The Honda E electric hatchback is getting the axe.
The brand has published a notice on its Japanese website advising production will end in January 2024, and that “sales of the Honda E will be discontinued once the production quantity is sold out”.
Additionally, Honda told Automotive News Europe the little hatch is dead but that over its short lifespan it “brought many new customers to the brand with its distinctive design, advanced technology and driving dynamics”.
This follows remarks from Rebecca Adamson, Head of Automobile at Honda Cars UK, in July to Autocar, where she indicated a second-generation model wasn’t forthcoming there as the brand followed market demand.
“There won’t be more cars the size of the Honda E. I can say that confidently,” Ms Adamson told Autocar.
“The market demand in the UK is the SUV sector, so that’s why the focus is there. It’s a market-led product line-up. As long as that’s where the market is, we will continue to be SUV driven.”
The Honda E only entered production in 2020, after having been previewed by the Urban EV concept in 2017.
Power in the Honda E comes from a rear-mounted motor with a choice of either 100kW or 113kW outputs, along with 315Nm of torque.
The battery pack is a 35.5kWh lithium-ion unit, good for a claimed 210-220km of range under the WLTP cycle.
The current E is offered in Japan and Europe, but isn’t offered in markets like Australia, China and North America.
Honda’s new Chinese-built, HR-V-sized e:Ny1 electric SUV, in contrast, is being sold in Europe and China. It remains to be seen whether it will be offered in other markets, though it has been ruled out for Australia.
The company had projected 10,000 annual sales of the E in Europe, but in 2021 it sold just 3752 there. That’s despite fairly strong demand for similarly sized EVs there, such as the Peugeot e-208.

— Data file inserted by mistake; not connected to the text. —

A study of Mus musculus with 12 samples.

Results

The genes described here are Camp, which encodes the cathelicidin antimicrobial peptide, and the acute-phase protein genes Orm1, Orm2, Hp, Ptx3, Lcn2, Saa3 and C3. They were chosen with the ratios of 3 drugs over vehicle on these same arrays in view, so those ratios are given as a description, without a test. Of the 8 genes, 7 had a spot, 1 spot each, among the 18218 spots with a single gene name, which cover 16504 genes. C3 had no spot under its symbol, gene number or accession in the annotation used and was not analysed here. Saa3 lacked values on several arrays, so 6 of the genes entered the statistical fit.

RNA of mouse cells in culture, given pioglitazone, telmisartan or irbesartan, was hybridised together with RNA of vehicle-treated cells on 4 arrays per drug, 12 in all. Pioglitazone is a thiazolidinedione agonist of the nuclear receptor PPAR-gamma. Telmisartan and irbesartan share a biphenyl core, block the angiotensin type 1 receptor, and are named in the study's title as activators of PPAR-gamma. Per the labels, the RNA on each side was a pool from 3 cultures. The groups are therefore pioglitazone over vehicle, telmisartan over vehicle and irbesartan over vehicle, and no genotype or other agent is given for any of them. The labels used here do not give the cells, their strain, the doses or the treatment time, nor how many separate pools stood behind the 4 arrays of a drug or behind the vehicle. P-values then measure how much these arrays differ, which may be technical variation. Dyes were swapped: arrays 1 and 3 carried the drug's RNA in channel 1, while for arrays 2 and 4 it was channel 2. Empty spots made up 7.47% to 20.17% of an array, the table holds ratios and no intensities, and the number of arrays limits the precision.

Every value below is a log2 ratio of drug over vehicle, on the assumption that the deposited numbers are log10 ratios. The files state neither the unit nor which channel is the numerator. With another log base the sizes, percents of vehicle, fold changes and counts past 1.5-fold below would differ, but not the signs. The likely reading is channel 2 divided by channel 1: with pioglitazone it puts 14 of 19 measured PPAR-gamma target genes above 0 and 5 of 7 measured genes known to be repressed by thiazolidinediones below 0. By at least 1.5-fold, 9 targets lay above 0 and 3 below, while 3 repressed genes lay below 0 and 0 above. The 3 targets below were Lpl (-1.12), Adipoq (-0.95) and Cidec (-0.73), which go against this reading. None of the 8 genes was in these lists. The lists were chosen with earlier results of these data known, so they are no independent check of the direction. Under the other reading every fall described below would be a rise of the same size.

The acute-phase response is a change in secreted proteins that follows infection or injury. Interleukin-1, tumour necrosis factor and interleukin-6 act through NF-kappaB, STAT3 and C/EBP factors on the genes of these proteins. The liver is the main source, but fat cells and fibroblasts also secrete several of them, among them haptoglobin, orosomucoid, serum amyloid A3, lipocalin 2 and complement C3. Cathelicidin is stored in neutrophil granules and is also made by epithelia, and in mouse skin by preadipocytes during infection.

The company is rolling out different electric cars and SUVs depending on the market, but most are larger than the sub-4m long E hatchback apart from a handful of vehicles set to be exclusive to Japan.
They include an electric sedan from the Honda/Sony joint venture Afeela, entering production in 2025; a range of Chinese-market EVs including the e:NP2; and the North American Honda Prologue and Acura ZDX developed with General Motors.
Also due in North America in 2025 is a “mid- to large-size” EV on Honda’s new E&E Architecture, though Honda has scrapped plans to jointly develop with GM a range of affordable EVs.
The Japanese market will receive an N-VAN based commercial mini-EV in the first half of 2024, followed by an EV based on the N-ONE in 2025 and two small EVs in 2026. One of the latter will be an SUV.
Australia will be waiting a while for a Honda electric vehicle of any kind, however.
Honda Australia confirmed earlier this year it won’t offer any electric cars before 2028.
“Our electrification strategy is all about using hybrid to bridge to electrification in the future,” said Honda Australia boss Carolyn McMahon in March.
“We don’t have any plans at the moment to introduce EVs.
“When we take a look at the Australian readiness, or the Australian market’s ability to cope with electric, we don’t think it’s quite there.
“For us right now, we think hybrid is right, that’s not to say Honda won’t be looking at electric vehicles in the future.”
Ms McMahon’s remarks come in stark contrast with those of global CEO Toshihiro Mibe and COO Shinji Aoyama, who have been frank about the threat posed by Chinese brands and the need to roll out EVs promptly.
“They are ahead of us, even more than expected,” CEO Toshihiro Mibe said in remarks reported by Automotive News.
“We are thinking of ways to fight back. If not, we will lose this competition,” he added.
“We recognised we are slightly lagging behind, and we are determined to turn the tables.”